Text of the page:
Meet The World's Only Ferrari-Powered BMW M3

Tuning / 8 Comments

Engine swaps don't get much more unexpected than this.

When BMW decided to shove a big V8 lump under the hood of the E92 M3 back in 2007, not everyone was happy. After all, this broke a long tradition of inline-six engines powering one of the most revered BMWs of them all. Most critics were silenced once they experienced the S65's glorious V8 howl, though.

But it's not BMW's V8 that's the subject of this story - it's a Ferrari-Maserati V8. That's because a BMW M3 Convertible owner decided his Bimmer needed a V8 sourced from Italy, not Germany, under the hood. The reasons for this are unclear and it certainly ranks among one of the strangest engine swaps we've stumbled upon, but it only takes one look at this M3 to warm up to it.

Outside, this custom M3 - a project three years in the making - has a noticeably widened Pandem body kit, darkened headlamps, massive 19-inch black wheels, and a hard-to-miss spoiler. It rides on a self-leveling air suspension and comes with a six-speed manual gearbox, making it all the more engaging to drive. That's a big deal considering Ferrari has ditched the manual gearbox on all its offerings.

As the presenter from South Africa's elaborates, the V8 engine uses a cross-plane crankshaft configuration which gives it a different sound to the Ferrari-only versions, which used a flat-plane crank. As a work in progress, the builders of this once-off M3 are looking to utilize individual throttle bodies and add twin turbochargers to it in the future.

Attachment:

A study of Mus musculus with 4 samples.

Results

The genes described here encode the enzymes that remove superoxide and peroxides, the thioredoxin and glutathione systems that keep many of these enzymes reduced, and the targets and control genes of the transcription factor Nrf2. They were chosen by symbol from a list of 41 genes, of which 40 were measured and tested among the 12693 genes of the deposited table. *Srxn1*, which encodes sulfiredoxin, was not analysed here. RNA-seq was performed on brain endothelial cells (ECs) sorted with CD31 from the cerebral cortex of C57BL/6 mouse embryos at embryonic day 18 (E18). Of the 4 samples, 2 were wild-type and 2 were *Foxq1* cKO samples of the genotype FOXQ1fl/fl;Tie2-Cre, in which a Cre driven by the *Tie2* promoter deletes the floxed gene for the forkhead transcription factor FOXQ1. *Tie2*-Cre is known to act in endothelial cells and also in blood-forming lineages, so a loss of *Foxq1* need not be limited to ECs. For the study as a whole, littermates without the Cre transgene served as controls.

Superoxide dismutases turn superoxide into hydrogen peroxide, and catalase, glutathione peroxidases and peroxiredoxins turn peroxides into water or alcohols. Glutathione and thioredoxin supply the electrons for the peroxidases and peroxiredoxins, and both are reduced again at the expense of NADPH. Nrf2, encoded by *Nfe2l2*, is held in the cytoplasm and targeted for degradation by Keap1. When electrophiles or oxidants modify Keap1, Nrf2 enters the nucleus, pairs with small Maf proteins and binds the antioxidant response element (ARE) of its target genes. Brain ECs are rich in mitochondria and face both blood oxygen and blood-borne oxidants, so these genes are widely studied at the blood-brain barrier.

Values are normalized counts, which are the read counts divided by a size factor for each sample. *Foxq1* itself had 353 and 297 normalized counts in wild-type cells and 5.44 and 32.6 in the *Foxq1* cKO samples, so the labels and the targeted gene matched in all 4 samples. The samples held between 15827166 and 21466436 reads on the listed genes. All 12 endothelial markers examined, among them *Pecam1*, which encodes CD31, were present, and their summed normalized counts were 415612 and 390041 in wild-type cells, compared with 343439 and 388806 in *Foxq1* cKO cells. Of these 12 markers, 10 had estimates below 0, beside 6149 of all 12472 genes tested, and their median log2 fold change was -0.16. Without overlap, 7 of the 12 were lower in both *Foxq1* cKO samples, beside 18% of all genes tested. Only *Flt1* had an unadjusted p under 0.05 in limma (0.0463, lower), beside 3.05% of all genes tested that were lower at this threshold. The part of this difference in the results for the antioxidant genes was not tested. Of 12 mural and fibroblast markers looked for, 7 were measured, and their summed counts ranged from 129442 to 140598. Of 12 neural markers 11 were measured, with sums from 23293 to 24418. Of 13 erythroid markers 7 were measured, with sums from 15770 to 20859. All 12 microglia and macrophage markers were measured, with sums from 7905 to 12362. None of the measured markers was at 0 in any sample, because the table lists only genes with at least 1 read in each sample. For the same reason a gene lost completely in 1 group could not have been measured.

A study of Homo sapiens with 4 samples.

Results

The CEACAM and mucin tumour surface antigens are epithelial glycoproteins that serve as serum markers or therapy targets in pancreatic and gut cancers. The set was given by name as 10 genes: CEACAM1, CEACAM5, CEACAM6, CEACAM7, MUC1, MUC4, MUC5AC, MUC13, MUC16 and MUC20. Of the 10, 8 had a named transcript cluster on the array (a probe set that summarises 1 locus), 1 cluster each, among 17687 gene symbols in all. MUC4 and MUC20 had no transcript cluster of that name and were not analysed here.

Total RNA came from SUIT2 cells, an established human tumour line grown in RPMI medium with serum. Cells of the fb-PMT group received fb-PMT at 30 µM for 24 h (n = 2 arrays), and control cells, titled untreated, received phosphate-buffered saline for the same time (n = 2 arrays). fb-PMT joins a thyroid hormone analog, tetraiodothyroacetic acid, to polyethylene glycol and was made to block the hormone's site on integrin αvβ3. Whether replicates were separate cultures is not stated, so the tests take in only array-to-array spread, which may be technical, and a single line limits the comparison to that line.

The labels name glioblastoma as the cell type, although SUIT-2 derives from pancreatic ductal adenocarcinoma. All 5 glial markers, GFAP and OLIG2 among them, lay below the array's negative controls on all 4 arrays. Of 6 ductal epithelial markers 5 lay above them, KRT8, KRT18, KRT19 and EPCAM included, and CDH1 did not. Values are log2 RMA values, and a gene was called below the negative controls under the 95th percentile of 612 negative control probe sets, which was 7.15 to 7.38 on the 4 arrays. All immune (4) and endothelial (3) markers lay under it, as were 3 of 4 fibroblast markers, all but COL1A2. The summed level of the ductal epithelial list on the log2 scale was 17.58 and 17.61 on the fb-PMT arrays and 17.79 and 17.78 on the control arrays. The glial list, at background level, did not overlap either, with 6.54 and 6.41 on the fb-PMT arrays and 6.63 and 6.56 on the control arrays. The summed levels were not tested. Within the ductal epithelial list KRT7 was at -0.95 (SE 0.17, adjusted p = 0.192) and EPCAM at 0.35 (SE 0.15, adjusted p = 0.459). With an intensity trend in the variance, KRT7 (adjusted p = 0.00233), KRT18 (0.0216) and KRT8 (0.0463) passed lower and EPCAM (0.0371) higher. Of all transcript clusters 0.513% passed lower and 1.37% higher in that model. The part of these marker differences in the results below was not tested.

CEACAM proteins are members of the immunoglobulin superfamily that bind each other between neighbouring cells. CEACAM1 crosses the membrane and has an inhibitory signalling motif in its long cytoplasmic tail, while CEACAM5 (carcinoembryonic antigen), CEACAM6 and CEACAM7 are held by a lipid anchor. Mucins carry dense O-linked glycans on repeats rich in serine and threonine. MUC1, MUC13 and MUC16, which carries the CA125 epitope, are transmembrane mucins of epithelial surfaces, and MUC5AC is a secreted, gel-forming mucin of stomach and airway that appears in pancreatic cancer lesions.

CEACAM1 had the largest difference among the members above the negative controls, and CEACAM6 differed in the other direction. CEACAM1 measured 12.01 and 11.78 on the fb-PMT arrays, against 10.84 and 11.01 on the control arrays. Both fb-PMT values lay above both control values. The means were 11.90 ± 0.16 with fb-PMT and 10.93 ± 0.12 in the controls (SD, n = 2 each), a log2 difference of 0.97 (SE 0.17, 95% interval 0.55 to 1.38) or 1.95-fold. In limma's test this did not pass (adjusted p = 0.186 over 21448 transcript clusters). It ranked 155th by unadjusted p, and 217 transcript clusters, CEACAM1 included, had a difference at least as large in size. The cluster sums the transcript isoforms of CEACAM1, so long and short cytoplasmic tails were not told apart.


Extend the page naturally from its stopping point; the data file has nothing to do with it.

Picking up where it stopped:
The turbos should help the engine deliver more than the 300 or so horsepower it is currently tuned to deliver, with an aim (before turbocharging) of about 335 hp. When the car is fully complete, it should be a monster, but just listening to that V8 scream in the shell of an M3 is plenty of entertainment on its own. Inside, the custom M3 has (part of) a steering wheel from an M3 CSL and special racing seats.

We thought that an E46 BMW M3 engine in a first-gen X3 SUV was a pretty strange engine swap, but at least that motor and body both came from the same stable. The Ferrari-powered M3, on the other hand, is like nothing else out there and, at the very least, deserves top marks for originality.